Vegetable waste can be used as fuel.Alamy/Legion Media
Scientists at the Institute of Solid State Chemistry and Mechano-chemisty (ISSCM) in Novosibirsk are trying to create energy from agricultural and forestry waste. They are developing a new fuel made from plant biomass with heat of combustion levels similar to brown coal.
Researchers think this is achievable by increasing the content of several substances, such as lignin, which is one of the main components that causes the vanilla aroma in old books. Lignin is found practically in all land plants, and gives plant cells their stiff walls.
It has long been known that vegetable waste can be used as fuel. This of course reduces electricity costs and helps save money on heat and waste.
"There are many kinds of plant biomass - sawdust, straw, hull, husks from rice, linen, corn, and waste from wood-processing or paper-processing factories,'' said Alexei Bychkov, the ISSCM's senior scientific collaborator and a doctor in chemistry. "Our objective is to make powder fuel from these materials."
For example, researchers want to improve standard fuel sources such as firewood, which naturally emits only as much heat as nature has given it. Scientists, however, hope to artificially enhance the wood's chemical component so it can be turned into a fuel with increased calorific value.
"Plant biomass consists of two main components: cellulose and lignin,'' explained Dr. Bychkov. "Cellulose is needed in the chemical industry and in biotechnology; it can be used to obtain alcohol, plastic, and etc. But it has a low heat of combustion level, which is why it's not recommended as a fuel. Lignin, on the other hand, is not in high demand. It's primarily a waste product in the pulp and paper industry, even though it has a high heat of combustion level, almost like that of brown coal.''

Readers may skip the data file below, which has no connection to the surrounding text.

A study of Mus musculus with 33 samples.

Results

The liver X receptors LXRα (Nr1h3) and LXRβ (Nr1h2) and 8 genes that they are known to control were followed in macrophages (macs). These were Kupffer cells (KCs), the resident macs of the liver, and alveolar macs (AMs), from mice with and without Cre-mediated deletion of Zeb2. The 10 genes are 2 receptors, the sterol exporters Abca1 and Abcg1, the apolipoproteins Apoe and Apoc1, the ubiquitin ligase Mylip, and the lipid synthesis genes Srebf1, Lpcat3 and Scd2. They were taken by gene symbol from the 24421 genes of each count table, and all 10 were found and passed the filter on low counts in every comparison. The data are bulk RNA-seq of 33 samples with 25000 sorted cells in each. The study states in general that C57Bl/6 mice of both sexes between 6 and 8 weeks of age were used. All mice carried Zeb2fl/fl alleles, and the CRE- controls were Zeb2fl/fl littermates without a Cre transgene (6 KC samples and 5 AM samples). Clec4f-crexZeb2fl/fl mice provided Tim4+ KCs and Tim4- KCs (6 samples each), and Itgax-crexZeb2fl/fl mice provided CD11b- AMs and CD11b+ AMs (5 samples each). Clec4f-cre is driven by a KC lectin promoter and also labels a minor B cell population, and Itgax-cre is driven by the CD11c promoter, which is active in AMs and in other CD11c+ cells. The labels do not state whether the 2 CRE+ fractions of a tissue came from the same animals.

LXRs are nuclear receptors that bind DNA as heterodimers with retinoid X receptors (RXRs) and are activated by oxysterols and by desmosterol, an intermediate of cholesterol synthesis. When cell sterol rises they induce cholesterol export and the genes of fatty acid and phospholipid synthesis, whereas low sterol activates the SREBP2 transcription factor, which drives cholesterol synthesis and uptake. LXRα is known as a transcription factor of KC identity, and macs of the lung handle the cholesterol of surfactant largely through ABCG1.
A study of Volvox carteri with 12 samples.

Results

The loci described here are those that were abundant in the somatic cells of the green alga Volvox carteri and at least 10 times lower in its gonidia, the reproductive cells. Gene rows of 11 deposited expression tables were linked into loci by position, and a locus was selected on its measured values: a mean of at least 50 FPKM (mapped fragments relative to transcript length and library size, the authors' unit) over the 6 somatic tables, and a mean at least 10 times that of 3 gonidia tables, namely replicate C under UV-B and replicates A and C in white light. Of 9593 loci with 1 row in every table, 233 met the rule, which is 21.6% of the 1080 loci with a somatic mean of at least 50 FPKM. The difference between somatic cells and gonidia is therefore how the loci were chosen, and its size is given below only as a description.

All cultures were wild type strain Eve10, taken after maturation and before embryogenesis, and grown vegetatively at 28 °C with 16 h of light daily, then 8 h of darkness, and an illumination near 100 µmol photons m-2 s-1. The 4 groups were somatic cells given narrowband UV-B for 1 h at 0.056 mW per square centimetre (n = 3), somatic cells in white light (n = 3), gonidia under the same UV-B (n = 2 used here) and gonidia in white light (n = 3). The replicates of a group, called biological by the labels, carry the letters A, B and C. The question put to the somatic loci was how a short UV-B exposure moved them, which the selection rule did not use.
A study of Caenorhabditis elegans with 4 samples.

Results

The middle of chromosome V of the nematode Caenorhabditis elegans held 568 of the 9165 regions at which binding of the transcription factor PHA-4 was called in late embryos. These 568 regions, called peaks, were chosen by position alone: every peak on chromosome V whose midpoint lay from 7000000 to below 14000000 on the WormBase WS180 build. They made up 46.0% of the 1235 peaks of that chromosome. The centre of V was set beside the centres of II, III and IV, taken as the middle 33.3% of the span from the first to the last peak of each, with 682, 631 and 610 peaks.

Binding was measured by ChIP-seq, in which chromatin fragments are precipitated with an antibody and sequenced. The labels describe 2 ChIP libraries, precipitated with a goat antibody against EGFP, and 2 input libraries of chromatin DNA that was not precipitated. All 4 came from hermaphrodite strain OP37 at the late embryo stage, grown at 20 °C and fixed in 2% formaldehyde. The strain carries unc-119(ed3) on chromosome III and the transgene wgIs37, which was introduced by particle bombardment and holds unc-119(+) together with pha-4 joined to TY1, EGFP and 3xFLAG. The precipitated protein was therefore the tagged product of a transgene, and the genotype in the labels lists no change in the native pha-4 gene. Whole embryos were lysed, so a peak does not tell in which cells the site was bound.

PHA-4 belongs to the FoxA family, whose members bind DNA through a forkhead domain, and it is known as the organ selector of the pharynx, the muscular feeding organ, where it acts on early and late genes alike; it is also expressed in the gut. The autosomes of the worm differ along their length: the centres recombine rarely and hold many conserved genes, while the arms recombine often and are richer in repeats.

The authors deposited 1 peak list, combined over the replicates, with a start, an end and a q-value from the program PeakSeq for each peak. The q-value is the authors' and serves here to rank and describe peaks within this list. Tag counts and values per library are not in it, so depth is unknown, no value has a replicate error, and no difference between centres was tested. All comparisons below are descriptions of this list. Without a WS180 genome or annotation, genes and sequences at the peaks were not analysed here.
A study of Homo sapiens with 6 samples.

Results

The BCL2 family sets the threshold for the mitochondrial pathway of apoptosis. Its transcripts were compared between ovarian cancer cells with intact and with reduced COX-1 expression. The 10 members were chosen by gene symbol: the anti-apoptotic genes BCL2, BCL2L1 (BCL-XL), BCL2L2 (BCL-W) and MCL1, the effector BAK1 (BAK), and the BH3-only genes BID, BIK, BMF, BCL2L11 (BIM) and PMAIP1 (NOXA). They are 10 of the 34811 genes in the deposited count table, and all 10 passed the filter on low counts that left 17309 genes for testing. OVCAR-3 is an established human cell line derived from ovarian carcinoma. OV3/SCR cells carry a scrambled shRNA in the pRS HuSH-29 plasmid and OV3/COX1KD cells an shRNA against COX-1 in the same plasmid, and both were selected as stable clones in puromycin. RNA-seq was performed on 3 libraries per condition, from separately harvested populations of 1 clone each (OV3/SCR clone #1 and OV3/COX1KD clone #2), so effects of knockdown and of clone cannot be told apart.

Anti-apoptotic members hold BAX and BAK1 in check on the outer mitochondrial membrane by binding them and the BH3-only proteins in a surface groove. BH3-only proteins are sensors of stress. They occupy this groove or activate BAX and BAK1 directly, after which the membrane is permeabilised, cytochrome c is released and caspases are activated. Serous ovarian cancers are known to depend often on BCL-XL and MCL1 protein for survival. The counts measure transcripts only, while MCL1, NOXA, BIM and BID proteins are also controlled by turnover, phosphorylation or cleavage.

Researchers are looking for ways to lower the share of cellulose, and to increase the share of lignin. For example, straw or wheat contains about 20 percent lignin. If the share of this substance is artificially increased to 70 percent, then it can increase heat of combustion levels by 30 percent.
Fueling ordinary furnaces with straw and other plant biomass is not effective. It's better to pulverize such material into a fine matter and burn it in flare burners as a gas. The ISSCM's design department has developed new devices for the grinding process.
"Basically, these devices are windmills that not only grind but also change the structure of the substances,'' said Bychkov. "For example, plasticine is difficult to grind, but it can be changed by mixing it with another color, thus changing its structure. The same happens with plant biomass. Our technology can literally `push' lignin onto the surface of the particles and change their structure so the biomass burns better."
Together with colleagues from the Institute of Thermophysics, Dr. Bychkov has already tested this new method on powder fuel burned in vortex burners. Next, he wants to analyze the chemical composition of all plant biomass in Russia in order to determine what kind best suits the technology being developed.